Reader Randy Immel wants the best of both worlds on his Mac. He writes:
"When I installed Lion on my iMac I wiped its hard drive and then installed Lion “clean.” After the installation I was playing around with QuickTime X in the hope that it would allow me to edit movies to the extent that I could with QuickTime 7 Pro. It doesn’t, so I downloaded the latest version of QuickTime 7 from Apple."
"When I try to install it though, it won’t. The installer tells me that a version of QuickTime is already installed and won’t let me proceed. How can I get QuickTime 7 back?"
The problem is that you’ve downloaded the wrong version of QuickTime 7. You need QuickTime Player 7.6.6 for Mac OS X v10.6.3 (the version designed for Snow Leopard). What you’ve undoubtedly downloaded is QuickTime 7.6.9. Although the version number is higher, this is actually the version intended for Leopard.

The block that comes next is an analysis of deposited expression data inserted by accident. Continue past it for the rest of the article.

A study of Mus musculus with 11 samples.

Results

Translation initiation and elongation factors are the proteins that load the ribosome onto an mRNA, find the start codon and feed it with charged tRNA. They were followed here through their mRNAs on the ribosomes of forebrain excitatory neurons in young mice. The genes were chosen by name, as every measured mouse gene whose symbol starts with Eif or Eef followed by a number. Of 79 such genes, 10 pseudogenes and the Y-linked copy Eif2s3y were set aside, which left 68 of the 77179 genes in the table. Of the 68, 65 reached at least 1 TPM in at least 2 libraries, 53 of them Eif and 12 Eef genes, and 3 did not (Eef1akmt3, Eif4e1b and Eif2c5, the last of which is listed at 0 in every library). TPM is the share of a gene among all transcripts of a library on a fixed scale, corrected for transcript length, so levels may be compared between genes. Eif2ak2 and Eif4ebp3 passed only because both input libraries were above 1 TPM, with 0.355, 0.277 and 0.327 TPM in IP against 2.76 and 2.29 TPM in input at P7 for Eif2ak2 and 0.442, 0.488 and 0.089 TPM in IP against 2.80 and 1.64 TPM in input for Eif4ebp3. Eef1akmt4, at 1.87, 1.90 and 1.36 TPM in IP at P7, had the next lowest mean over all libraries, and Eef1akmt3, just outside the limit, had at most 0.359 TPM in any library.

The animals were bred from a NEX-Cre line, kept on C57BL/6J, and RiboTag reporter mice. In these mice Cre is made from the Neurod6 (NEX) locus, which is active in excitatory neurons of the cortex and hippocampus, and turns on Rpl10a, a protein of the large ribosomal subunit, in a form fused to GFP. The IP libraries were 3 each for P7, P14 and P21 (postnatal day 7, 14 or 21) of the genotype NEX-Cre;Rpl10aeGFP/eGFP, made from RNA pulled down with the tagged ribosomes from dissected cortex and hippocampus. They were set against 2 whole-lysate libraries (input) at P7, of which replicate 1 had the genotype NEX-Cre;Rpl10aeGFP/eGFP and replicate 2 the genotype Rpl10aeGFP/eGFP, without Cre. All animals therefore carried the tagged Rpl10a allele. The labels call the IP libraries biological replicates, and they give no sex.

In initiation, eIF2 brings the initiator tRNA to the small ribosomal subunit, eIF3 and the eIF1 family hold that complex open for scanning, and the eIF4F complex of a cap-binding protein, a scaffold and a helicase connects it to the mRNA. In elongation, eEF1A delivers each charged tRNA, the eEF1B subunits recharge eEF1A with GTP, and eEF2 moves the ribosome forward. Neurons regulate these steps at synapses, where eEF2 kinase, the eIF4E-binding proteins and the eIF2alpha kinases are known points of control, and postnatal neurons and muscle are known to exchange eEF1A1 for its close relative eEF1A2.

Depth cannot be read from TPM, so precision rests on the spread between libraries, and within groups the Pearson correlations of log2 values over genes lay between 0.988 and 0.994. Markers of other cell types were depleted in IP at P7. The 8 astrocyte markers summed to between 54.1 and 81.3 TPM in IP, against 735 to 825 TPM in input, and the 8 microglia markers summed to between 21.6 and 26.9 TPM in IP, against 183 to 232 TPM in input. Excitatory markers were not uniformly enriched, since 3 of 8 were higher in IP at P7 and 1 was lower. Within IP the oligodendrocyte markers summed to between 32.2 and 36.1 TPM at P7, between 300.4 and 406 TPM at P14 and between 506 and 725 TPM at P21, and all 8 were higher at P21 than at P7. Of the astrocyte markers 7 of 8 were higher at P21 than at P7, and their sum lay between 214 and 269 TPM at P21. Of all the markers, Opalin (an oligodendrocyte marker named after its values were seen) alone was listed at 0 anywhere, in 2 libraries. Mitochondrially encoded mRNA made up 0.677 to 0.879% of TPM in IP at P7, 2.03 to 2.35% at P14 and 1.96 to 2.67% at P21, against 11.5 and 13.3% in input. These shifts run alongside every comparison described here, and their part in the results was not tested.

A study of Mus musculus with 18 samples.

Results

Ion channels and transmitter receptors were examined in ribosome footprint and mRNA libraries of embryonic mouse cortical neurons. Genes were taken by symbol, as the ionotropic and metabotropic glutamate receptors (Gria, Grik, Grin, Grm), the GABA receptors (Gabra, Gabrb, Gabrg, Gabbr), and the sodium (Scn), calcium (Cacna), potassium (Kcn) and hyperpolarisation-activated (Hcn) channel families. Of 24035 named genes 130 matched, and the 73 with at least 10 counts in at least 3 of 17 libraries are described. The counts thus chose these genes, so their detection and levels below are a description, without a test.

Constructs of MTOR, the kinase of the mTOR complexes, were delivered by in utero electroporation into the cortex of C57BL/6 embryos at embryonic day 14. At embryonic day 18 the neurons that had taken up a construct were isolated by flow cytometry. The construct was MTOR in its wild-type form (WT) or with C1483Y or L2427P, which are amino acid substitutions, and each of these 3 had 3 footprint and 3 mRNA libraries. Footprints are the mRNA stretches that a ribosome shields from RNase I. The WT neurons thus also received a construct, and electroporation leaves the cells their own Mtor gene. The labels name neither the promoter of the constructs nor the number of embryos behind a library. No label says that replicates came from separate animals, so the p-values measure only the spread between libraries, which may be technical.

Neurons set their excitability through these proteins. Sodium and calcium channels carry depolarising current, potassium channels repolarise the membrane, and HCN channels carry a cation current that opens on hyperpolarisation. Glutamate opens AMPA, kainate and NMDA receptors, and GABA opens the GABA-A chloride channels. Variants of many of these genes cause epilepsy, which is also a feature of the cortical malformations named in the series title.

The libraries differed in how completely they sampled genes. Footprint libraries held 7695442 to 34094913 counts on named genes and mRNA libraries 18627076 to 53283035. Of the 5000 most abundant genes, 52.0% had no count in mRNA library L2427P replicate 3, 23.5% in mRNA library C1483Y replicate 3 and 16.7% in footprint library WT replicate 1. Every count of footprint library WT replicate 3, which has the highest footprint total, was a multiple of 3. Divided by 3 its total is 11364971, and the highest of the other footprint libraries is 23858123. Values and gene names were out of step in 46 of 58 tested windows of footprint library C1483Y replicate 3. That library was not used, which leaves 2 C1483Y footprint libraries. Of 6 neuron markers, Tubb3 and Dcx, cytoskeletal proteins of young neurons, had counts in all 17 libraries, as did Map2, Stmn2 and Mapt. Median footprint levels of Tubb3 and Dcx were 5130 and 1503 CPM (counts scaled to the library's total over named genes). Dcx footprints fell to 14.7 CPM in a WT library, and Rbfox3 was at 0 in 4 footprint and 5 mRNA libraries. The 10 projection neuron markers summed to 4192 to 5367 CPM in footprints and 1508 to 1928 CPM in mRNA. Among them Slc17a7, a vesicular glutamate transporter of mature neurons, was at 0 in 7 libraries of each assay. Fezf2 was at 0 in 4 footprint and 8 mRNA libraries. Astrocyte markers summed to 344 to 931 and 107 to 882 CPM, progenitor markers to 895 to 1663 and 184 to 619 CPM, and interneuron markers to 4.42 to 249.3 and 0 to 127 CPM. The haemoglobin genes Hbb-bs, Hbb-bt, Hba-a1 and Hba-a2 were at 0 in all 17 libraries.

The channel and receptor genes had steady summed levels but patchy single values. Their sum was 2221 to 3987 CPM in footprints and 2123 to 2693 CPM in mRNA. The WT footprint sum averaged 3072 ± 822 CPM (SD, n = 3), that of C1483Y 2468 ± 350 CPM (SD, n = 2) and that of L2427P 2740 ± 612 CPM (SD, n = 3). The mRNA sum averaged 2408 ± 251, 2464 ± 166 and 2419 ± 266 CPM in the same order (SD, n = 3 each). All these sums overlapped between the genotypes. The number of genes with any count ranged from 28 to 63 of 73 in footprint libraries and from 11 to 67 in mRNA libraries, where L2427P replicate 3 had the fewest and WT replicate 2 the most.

When you install the Snow Leopard version (7.6.6) the installer places QuickTime 7 in your Utilities folder. Because the installer doesn’t see another copy of QuickTime in that location, it’s happy to proceed. The Leopard version (7.6.9) attempts to place QuickTime 7 in the Applications folder and because it sees a copy of QuickTime Player already in place, it balks.
Once installed you’ll have to enter the registration code you paid 30 bucks for all those years ago. Once you’ve located the code (you did write it down, yes?), just choose QuickTime > Registration and enter it in the Registration Code field.
If you can’t find that code, you can buy another from Apple by clicking the Purchase QuickTime Pro button or using this link.